Eric Karnes | Typography

Geologic Typography

I've always been fascinated by the way things are made. From painting to architecture to graphic design, I’m most drawn to objects that display evidence of their process. The following typographic experiments are from my graduate thesis, which centered around how the processes and structures of non-design disciplines can influence typographic form. 

Geology struck me as a perfect test case. I had spent the summer camping in a number of National Parks and had recently finished John McPhee’s Annals of a Former World, a wonderful geologic history of North America. I was drawn to how the geologic formations that we see are direct physical manifestations of ongoing geologic processes. And I began experimenting with physically manipulating letterforms by using various geologic processes as a model. 

In addition, I created an (admittedly esoteric) manual that re-imagined typography as a field science and a series of posters that (even more esoterically) described the evolution of my thinking throughout the project. These ideas have continued in my more recent poster designs, where in addition to being inspired by the unique processes of individual clients, I attempt to leave evidence of my own process–‘catching’ the design before it completes itself.

Cleavage describes the tendency of a rock to break along preferred planes of weakness, defined by its molecular structure. A letterform also has a series of planes that define its structure, providing natural locations for breaks. Cleavage closely related to crystal from, because these experiments focus on existing geological structure. The letterforms have volume and project into three-dimensional space. pieces are then removed and broken off along distinct planes, which define an unseen internal structure.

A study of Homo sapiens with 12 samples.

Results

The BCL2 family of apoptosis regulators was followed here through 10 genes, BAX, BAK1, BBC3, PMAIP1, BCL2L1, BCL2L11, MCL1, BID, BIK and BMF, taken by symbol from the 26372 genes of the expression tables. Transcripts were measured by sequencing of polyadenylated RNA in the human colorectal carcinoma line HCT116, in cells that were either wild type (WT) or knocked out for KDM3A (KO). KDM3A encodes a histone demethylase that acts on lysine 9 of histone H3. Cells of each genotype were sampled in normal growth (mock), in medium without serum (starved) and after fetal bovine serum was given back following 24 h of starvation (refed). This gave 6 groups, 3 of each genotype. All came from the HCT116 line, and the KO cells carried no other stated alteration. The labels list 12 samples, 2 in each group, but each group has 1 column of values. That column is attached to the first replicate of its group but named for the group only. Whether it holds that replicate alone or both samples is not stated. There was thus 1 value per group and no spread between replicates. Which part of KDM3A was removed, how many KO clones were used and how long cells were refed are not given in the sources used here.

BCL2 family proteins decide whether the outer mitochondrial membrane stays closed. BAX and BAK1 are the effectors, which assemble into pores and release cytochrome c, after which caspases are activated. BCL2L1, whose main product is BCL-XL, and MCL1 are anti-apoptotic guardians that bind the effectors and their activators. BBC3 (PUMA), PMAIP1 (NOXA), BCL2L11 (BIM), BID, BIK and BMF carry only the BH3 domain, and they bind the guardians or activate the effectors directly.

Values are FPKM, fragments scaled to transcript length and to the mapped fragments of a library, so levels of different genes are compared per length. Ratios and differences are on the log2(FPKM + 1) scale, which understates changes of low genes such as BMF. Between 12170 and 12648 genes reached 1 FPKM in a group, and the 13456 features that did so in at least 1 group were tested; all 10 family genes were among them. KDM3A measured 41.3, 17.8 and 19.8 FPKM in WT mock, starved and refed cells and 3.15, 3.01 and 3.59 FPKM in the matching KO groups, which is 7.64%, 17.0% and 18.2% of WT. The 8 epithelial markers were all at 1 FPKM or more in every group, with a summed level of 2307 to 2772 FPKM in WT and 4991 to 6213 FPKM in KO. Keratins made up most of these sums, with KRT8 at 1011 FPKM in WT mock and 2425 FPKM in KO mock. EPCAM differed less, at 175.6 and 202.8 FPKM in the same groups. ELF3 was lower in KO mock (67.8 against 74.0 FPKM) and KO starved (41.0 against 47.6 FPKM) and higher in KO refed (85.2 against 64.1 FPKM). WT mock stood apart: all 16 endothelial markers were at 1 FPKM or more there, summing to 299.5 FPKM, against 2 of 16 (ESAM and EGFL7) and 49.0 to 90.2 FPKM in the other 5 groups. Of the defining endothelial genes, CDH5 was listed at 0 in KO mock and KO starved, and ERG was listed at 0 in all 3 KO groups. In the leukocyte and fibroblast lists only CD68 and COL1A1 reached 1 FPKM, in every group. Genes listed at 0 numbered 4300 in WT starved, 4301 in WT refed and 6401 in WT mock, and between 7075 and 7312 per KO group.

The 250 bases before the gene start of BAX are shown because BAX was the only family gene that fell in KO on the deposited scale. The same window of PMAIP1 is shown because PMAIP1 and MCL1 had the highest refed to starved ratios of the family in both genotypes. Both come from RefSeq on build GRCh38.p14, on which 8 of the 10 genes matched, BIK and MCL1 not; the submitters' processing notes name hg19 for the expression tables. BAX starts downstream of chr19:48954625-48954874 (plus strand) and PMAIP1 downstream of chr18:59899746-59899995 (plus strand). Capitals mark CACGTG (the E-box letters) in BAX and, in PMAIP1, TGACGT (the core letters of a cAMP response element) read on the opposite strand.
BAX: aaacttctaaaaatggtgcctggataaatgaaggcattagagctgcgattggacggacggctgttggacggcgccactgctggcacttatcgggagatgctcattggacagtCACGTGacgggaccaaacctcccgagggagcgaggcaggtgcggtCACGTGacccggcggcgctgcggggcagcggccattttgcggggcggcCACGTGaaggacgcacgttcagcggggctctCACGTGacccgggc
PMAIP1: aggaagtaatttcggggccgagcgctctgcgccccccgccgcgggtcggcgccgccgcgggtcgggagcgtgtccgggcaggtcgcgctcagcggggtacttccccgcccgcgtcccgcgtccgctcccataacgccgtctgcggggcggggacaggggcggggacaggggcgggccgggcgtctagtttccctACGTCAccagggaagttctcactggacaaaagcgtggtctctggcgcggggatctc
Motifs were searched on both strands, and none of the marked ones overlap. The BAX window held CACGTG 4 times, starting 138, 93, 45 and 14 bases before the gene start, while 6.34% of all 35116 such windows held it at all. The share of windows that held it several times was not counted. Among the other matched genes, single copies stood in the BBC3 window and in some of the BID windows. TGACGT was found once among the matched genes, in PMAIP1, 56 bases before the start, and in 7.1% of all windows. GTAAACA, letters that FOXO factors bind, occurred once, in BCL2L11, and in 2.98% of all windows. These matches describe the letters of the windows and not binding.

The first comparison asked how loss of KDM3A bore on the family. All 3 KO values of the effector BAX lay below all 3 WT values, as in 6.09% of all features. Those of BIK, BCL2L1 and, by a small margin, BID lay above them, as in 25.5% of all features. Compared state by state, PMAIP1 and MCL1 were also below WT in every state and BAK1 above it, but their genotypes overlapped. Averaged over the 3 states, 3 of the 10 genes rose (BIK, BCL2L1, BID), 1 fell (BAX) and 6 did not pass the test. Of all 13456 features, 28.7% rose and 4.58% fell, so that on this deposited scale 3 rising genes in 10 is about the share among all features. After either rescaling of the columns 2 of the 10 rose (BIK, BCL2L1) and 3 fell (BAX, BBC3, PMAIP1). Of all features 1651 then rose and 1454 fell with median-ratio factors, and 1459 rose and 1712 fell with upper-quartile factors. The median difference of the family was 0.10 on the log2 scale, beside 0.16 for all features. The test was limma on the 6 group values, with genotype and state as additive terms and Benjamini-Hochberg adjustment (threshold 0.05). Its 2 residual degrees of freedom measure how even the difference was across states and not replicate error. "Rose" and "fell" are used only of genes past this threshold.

Crystal Form
Crystal form is the unique arrangement of atoms or molecules in a crystal. This distinctive pattern forms a unique inner structure that shapes the mineral and defines its physical properties. These studies explore this idea through translucency of the letterform. As in a piece of quartz, the letter has a visible internal framework of intersecting planes, which sometimes break the surface to alter the outer form. 

A fracture is a local separation of planes in a geologic formation. Usually due to tension or compression, it divides rock in two or more places. Inspired by the fault lines that define geological fracture, these letterforms are cut along random lines. As they are compressed, the planes are twisted at these borders, breaking the horizontal surface and exploding upward.

Plate Tectonics
Plate tectonics is a theory that describes the large scale motions of the Earth’s lithosphere (outer crust), which is broken up into numerous plates that move in relation to each other at their boundaries. Letterforms have similar boundaries—where strokes intersect-–that can become areas for movement as the edges of the letter begin to unfold.